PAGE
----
Should Mosquitoes Be Controlled Through Spraying?
POLL: One Wildwood resident told city council members he was appalled at what occurred last week, even though it represents a long-standing St. Louis County Health Department practice. Join the resulting survey.
Because Wildwood was founded on preserving the environment, local resident David Schneider attended Monday night's city council meeting to ask why "dangerous chemicals" were being sprayed in Wildwood to control mosquitoes. He said he has experienced "multiple assaults of chemical sprays" at his Garden Valley subdivision residence.
"I found out there are no regulations about chemical sprays for private residences in Wildwood. Isn't that completely insane?" he said during the public participation portion of the meeting.
As reported by Eureka-Wildwood Patch on Aug. 9, county vector control representatives said this month and next are prime times to try to control mosquitoes because they carry the highest amounts of West Nile virus in the early fall. Historically, the rate of the disease increases in late August to early September.
The county vector control assistant interviewed for that article mentioned that Wildwood would be sprayed that week. See previous article: Stink Bait Waits in Wildwood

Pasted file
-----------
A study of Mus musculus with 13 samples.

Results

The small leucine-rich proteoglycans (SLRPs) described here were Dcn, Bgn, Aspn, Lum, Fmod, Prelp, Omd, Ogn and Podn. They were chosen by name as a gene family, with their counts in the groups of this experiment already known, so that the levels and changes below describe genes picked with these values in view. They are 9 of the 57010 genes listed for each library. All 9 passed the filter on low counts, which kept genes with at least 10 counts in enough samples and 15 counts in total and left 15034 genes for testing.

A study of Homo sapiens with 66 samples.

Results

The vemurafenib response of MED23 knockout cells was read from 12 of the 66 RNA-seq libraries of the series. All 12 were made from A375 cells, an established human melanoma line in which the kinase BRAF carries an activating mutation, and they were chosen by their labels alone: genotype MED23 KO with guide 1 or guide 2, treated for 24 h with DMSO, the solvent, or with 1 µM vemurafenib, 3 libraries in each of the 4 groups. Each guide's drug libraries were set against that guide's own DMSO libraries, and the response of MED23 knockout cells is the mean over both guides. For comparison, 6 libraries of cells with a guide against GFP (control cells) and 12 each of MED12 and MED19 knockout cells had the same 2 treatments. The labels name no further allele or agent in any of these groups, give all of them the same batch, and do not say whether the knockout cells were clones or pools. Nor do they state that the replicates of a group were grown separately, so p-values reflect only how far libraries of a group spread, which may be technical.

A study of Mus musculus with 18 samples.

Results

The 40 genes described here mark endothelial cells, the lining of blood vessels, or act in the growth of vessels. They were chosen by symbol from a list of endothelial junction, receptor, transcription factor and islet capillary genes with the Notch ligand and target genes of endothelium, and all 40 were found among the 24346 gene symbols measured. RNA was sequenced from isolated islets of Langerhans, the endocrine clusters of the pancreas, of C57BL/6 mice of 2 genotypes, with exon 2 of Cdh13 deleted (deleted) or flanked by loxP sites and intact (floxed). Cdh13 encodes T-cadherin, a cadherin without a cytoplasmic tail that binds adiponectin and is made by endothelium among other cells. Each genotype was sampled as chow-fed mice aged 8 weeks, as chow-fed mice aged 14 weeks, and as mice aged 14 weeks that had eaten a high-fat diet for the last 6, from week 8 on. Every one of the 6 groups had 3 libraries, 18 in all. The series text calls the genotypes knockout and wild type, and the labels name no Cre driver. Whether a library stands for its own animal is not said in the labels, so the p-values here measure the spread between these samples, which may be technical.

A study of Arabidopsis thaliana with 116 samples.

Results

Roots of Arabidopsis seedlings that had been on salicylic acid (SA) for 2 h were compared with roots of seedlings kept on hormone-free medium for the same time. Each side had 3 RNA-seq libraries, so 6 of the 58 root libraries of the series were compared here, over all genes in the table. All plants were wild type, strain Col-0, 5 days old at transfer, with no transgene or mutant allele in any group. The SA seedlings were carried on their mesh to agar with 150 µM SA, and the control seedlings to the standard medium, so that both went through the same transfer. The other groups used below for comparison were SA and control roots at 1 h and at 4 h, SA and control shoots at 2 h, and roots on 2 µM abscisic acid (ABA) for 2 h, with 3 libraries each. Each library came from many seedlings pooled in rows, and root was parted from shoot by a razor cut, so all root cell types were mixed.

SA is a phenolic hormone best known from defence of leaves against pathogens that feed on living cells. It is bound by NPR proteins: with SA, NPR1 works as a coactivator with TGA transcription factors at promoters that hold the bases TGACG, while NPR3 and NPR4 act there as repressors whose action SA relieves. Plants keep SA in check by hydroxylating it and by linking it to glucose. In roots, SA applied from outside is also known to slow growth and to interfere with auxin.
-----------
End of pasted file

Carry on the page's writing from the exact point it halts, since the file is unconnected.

But Schneider voiced Monday that not all Wildwood residents would agree with spraying, and that without being notified about the spraying, they have no way to voice concerns.
In Schneider's case, he was out walking with his dog when the county's mosquito spraying surprised him. "Those sprays have dangerous chemicals and other noxious materials not appropriate to be inhaled by humans, pets or children," he said. "Just ask yourself if you'd want to be exposed to them."
He implored to council members to aggressively pursue regulations for the use of pesticides and insecticides, citing that county-governed sprays were being placed on homes of half-acre lots, which he believed was a bit overstretching.
City council member Tammy Shea, Ward 3, said she agreed with Schneider about curbing sprays because, based on her research, "sprays were not found to be terribly effective on mosquitoes anyway." She also agreed about the health concerns presented.
Wildwood director of public works Ryan Thomas said county officials long have sprayed and collected insect specimens here, billing municipalities for those services. He thought cities, such as Wildwood, are reimbursing St. Louis County for mosquito control for a total of $5,000 to $10,000 per year.
Wildwood city staffers said they would look into the county's program.